I’m glad I’m not the parent of a child who might not be able to go back into his or her classroom, once again, this fall. I haven’t had this conversation with my daughters and sons-in-law, and how possibly having to teach our grandchildren, again, will affect them, while at the same time they are working at jobs they can luckily do from home, at least for now.

I can’t even imagine what a parent will be facing, again, if they can’t work from home.

I’m also glad I’m not a teacher who is agonizing over their individual desire to get back into the classroom, and fear of COVID-19.

I have only briefly discussed this with my sister, who is a lifelong educator.

There are no easy answers.

Regardless of what decisions are made in the coming month about when or if to go back into the classroom, I can guarantee you this country will see a slow uprising from parents, coupled with the detrimental side effects of children not being in the classroom if schools aren’t open.

This is not a judgment about decisions that will be made, but a prediction about what the affect will be, nationwide, if schools don’t open on day one, or soon thereafter.

I respect any parent’s decision they make regarding their child(ren), as well as teachers and other personnel who have to be on campus when classes are in session.

At some point, and I have no idea when that point is reached, we are going to have to come to grips with the reality that the “cure” will at some point be worse than the virus itself.

I try to read as much as I can about the coronavirus, and what I have learned is there are a lot of experts with differing opinions, as well as a lot of non-experts with differing opinions.

One of the most interesting things I’ve read about lately is herd immunity, and when that actually becomes a viable option, if not the best option.

There are two things I am absolutely sure of regarding our collective state of affairs.

First, our nation is going to come out the other side much different than when we entered the pandemic. Only time will tell exactly what those differences will be, but I bet our public education system doesn’t exit unscathed is classrooms remain closed.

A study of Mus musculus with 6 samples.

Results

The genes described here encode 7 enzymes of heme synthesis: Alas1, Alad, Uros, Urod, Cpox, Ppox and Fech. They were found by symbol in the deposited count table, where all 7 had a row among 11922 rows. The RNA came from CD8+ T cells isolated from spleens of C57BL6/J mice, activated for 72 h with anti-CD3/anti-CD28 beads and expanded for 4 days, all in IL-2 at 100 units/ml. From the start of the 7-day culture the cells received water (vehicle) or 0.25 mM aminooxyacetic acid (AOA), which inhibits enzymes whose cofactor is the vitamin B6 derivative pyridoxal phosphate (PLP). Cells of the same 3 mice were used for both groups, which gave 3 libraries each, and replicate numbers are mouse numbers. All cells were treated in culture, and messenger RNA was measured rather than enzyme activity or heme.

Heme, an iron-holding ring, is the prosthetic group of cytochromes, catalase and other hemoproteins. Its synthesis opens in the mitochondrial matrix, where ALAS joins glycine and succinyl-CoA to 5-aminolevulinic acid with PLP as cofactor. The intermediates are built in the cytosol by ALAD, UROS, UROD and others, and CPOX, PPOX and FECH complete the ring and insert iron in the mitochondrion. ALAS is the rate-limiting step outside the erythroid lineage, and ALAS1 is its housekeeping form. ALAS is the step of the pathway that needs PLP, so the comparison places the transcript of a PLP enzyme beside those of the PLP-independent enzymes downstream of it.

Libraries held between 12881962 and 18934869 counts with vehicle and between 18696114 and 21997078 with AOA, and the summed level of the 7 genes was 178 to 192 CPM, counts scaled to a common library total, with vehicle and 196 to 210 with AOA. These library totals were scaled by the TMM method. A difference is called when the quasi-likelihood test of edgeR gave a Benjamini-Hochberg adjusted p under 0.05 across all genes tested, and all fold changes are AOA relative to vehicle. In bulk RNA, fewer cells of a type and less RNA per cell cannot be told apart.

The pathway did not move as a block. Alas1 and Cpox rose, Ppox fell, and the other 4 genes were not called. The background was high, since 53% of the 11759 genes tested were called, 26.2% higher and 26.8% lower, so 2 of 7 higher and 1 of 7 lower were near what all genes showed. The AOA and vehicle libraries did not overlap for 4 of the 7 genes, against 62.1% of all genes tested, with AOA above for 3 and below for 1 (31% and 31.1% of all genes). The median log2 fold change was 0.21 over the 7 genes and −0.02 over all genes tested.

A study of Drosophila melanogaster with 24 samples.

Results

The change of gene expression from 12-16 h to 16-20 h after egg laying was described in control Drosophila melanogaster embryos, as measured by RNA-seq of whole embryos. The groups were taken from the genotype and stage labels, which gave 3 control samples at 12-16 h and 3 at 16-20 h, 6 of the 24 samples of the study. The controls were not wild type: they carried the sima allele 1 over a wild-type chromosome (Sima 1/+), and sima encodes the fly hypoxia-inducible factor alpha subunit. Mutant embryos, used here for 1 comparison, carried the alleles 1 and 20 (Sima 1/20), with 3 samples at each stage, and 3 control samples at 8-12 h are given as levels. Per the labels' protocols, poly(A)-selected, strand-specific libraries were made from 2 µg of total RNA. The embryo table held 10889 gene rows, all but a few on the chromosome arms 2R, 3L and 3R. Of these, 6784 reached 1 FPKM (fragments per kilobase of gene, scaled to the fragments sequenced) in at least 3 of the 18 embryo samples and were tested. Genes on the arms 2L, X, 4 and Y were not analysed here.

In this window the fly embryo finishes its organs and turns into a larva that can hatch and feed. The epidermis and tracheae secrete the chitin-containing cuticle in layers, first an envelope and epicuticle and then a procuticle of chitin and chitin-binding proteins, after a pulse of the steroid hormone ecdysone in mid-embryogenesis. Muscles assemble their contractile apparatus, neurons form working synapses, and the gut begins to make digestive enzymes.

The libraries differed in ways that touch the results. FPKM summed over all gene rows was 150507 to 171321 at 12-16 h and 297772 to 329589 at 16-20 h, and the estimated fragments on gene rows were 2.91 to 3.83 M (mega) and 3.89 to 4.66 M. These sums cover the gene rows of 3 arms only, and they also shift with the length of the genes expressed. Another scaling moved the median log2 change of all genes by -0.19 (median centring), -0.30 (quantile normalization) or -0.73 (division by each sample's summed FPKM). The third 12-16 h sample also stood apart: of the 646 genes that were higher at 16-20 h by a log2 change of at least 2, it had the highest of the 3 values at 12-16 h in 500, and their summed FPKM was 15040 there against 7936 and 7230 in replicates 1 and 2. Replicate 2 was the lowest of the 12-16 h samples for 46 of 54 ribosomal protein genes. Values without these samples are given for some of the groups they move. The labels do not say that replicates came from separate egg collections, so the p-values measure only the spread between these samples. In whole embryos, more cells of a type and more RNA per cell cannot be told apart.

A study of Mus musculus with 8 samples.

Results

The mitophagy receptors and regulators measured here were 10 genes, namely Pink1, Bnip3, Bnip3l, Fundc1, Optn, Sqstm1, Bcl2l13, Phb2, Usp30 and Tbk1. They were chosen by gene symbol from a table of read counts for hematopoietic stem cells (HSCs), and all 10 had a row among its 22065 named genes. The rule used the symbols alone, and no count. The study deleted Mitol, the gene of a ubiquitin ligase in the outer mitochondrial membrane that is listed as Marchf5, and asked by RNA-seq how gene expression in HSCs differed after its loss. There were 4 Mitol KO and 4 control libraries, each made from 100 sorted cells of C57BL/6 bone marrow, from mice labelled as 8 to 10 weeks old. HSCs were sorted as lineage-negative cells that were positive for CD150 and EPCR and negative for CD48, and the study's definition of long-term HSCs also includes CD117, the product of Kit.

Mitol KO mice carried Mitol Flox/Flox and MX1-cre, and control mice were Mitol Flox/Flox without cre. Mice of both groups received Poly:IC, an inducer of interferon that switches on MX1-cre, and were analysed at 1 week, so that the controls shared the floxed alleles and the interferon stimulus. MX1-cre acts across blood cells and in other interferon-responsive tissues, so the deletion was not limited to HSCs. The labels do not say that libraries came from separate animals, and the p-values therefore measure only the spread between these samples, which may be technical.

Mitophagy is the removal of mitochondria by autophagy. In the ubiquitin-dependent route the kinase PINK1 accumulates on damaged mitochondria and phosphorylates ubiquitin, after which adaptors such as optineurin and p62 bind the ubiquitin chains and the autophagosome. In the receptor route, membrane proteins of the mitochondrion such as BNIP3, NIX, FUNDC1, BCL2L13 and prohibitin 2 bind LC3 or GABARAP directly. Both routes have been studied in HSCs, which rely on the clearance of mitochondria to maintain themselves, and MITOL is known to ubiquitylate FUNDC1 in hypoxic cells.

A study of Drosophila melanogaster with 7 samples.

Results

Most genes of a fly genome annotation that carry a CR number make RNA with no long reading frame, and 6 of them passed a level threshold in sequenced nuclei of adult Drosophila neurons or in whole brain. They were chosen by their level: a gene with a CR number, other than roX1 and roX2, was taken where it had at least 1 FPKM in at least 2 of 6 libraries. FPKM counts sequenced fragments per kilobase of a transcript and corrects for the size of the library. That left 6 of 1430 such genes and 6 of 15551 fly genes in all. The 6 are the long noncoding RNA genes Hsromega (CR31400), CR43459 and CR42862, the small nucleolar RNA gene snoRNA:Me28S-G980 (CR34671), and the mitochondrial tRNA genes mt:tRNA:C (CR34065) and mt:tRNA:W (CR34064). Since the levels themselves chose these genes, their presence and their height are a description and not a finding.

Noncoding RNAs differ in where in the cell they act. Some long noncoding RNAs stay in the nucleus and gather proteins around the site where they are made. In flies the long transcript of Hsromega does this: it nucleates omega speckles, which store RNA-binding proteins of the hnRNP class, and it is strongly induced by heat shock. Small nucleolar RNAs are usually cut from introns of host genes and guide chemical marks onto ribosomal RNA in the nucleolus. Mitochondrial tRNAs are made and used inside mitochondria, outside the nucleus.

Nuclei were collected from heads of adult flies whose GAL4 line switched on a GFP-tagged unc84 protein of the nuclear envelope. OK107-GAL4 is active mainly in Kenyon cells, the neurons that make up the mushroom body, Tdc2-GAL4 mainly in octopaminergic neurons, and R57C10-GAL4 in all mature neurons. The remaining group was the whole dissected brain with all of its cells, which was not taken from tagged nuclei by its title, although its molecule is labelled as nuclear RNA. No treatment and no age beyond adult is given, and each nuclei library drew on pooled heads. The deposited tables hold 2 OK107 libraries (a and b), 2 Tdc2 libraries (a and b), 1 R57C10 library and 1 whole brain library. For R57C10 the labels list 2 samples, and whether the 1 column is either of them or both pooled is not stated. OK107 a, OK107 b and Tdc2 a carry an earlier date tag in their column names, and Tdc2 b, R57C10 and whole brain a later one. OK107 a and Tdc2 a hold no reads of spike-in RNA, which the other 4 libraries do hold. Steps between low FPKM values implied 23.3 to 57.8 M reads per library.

Second, the politicization of COVID-19, as well as the politicization of every social injustice – real or imagined - will end the day after the election.

The virus and whatever social injustices we really have won’t magically disappear, but the politicization will end, and law and order must return.

Without law and order, we might as well kiss our great country goodbye.

If you think the untamed violence is cool, lets talk after a member of your family is injured or killed, your home is threatened, or your business is ransacked.

Government stimulus

It is a slow day in the small Saskatchewan town of Pumphandle, and streets are deserted. Times are tough, everybody is in debt, and everybody is living on credit.

A tourist visiting the area drives through town, stops at the motel, and lays a $100 bill on the desk saying he wants to inspect the rooms upstairs to pick one for the night. As soon as he walks upstairs, the motel owner grabs the bill and runs next door to pay his debt to the butcher.

The butcher takes the $100 and runs down the street to retire his debt to the pig farmer.

The pig farmer takes the $100 and heads off to pay his bill to his supplier, the Co-op.

The guy at the Co-op takes the $100 and runs to pay his debt to the local prostitute, who has also been facing hard times and has had to offer her “services” on credit.

The hooker rushes to the hotel and pays off her room bill with the hotel owner.

The hotel proprietor then places the $100 back on the counter so the traveler will not suspect anything.

At that moment the traveler comes down the stairs, states that the rooms are not satisfactory, picks up the $100 bill and leaves. No one produced anything. No one earned anything.

However, the whole town is now out of debt and now looks to the future with a lot more optimism.

And that, ladies and gentlemen, is how a Stimulus package works.

Until next week, have a good week … and smile a while.

Mike Probst can be reached at publisher@rockportpilot.com.